For all the sound and fury over ‘partygate’, I believe the Conservative Party faces far more serious problems. Is it to be a Social Democratic Party successor to Tony Blair’s New Labour? Or will it return to being a proper right-of-centre political organisation which Margaret Thatcher would recognise? I have no idea if these are the sorts of questions which keep Boris Johnson up at night, but they certainly should.
There is no disputing that ‘partygate’ is a scandal. The idea that the people who introduced draconian lockdown rules and then breached them on the very premises where they were conceived – in Downing Street – has sparked fury among millions of people who obeyed those rules at huge personal cost.
What I find worse, however, are Boris Johnson’s contortions as he avoids answering the questions. ‘Partygate’ has exposed him as a leader who is not in control of Number Ten; as a man with little authority; and, in the eyes of many, as a serial liar.
These are potentially disastrous charges for any prime minister to face, but it is just possible that Johnson will survive. After all, voters and Tory MPs have known for a long time that his approach to life is chaotic. What is more hazardous for him are the betrayals of policies that traditional Conservative voters, and new Tory voters in Red Wall seats, hold dear: these include illegal immigration, Britain’s relationship with Communist China, and high taxation.
For years, Johnson has appeared to present himself as a small state, free market Eurosceptic. Yet the truth is somewhat different. He is, and always has been, a metropolitan Liberal. He is as much a member of the elite as is Tony Blair. Witness Johnson’s total commitment to net zero.
This key plank of his premiership is very popular in central London. It is reviled elsewhere. Likewise, his laissez-faire attitude to illegal immigration. The wealthy burghers of Notting Hill and Islington appear to have no strong feelings about the Channel crisis and Johnson was never bothered by illegal immigration when he was Mayor of London.
Indeed, he used to talk about amnesties. But in those parts of the country where illegal immigrants are housed and fed at taxpayers’ expense, the public is genuinely worried about where this situation will end up and what effect it will have on their communities. They feel abandoned.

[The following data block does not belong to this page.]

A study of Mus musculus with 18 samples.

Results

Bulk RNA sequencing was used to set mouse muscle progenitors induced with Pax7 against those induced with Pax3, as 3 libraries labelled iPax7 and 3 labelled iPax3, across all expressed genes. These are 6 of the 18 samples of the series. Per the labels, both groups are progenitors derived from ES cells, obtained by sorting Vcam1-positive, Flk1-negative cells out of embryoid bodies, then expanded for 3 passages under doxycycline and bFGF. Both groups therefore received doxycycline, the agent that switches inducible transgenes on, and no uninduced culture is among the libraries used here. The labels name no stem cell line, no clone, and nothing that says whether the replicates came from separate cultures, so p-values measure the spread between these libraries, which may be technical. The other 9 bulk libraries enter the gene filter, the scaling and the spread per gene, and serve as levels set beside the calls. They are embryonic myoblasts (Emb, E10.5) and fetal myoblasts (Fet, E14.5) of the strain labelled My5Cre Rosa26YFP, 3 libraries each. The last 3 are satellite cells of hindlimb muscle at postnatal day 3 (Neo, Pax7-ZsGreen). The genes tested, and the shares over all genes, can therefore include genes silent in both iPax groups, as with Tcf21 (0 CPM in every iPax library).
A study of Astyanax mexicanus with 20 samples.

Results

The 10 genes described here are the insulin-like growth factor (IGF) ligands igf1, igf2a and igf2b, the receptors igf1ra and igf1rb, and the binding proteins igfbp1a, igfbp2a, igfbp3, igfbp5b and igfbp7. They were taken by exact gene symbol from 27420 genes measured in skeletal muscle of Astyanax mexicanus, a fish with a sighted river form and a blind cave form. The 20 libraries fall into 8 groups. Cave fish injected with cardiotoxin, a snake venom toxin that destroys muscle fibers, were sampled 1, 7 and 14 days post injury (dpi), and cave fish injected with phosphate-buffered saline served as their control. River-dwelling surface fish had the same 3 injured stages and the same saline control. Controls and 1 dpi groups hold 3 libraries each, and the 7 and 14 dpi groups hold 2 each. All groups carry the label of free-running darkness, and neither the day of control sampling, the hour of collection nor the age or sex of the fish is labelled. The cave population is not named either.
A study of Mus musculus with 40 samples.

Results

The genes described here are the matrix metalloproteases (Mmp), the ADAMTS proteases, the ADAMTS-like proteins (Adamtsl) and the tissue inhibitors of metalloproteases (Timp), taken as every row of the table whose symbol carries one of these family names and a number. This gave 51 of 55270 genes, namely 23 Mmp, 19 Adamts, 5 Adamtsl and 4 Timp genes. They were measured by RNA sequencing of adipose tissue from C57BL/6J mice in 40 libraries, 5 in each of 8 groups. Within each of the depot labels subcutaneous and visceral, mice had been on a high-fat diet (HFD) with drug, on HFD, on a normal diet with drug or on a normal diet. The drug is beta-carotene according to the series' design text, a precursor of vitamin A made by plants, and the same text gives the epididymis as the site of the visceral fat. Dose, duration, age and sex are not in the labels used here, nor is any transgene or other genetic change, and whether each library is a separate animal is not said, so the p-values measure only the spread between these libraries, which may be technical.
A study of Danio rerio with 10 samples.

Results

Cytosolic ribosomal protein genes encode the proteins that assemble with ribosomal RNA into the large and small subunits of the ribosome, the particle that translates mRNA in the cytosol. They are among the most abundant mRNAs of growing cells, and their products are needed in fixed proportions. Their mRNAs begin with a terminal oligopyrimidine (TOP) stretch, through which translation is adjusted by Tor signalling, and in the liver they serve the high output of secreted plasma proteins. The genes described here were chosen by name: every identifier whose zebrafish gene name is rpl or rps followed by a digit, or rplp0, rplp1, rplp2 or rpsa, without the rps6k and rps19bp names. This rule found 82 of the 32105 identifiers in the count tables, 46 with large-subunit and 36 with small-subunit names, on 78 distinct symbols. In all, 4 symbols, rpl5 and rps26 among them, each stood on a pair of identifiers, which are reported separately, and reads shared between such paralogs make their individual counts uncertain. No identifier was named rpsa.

On China, Johnson is a self-confessed Sinophile, and the recent appointment of Guto Harri as his spin doctor is very revealing. Harri was an ardent Remainer who worked for the BBC for 18 years. He has also worked in a senior post for a lobbying firm called Hawthorn, which counted the controversial Chinese technology giant Huawei among its clients.
Incidentally, in 2021, Harri also worked as a presenter for GB News. He once chose to take the knee on air, which led to a boycott by viewers. It is no wonder he and Johnson get on as well now as they did when Harri worked for Johnson in City Hall. But are his priorities really the same as those with a traditional outlook on life?
Some people believe that Johnson’s potential successor is based in offices at Number 11 Downing Street. Perhaps they need to think again. As Chancellor, Rishi Sunak has point-blank refused to honour the Brexit promise to cut the 5 per cent VAT rate on fuel. More seriously, he has not lifted a finger to remove or simplify thousands of burdensome EU rules.
A former Goldman Sachs banker, he appears to have little, if any, understanding of how small businesses work and what sort of strains they face every day. And Sunak’s energy policy has quite rightly led to prominent Conservative MPs like Steve Baker asking whether the Tories are pursuing socialist policies.
Furthermore, Brexit may look like it has been completed, but it has not been. As a pro-Brexit Chancellor, Sunak should feel wretched about that. It doesn’t end there. In April, Sunak will introduce a National Insurance hike. This tax increase will, I believe, sink Sunak’s popularity. And rightly so.
When all is said and done, Britain, under Boris Johnson, has drifted back to the era of David Cameron’s coalition government, when social democracy ruled the day. What is remarkable is that this has happened when Johnson has an 80-seat majority. Nobody who voted Conservative in 2019 voted for a failure to curb illegal immigration, higher taxes and continuing EU red tape. But this is what they got.
Many Conservative MPs are worried about putting in letters of no-confidence to Sir Graham Brady, the chairman of the backbench 1922 Committee, because they fear the unknown. They have no idea what will come next. In a sense, they have a point. But they should take courage. For, when it happens, the next Conservative leadership contest may well be their last chance to save the party.
A decade or so ago, the Tories were forced onto the Brexit agenda by the UKIP insurgency and some very determined backbench Conservative MPs. If Johnson stays in post, Reform UK or another party will easily reach the levels that UKIP did. This time, however, the stakes are higher.
There will be no referendum and no other means of buying them off. And because there is no chance of a right-of-centre insurgent party ever trusting the Conservatives again, the result of all of this could be that the Conservatives lose a huge number of seats at the next election. If they continue on their current course, they deserve to do so.
It is not just the Prime Minister’s reputation that is going down the pan, it is the Conservative Party’s reputation, too. MPs need to realise that if they stick with Johnson, they will lose their seats, and the differences between their party and Sir Keir Starmer’s Labour Party will become even narrower. The Tories appear to be completely out of touch. A new leader who is a genuine Conservative is urgently required. Otherwise, almost 200 years after its foundation, the Conservative Party could be doomed.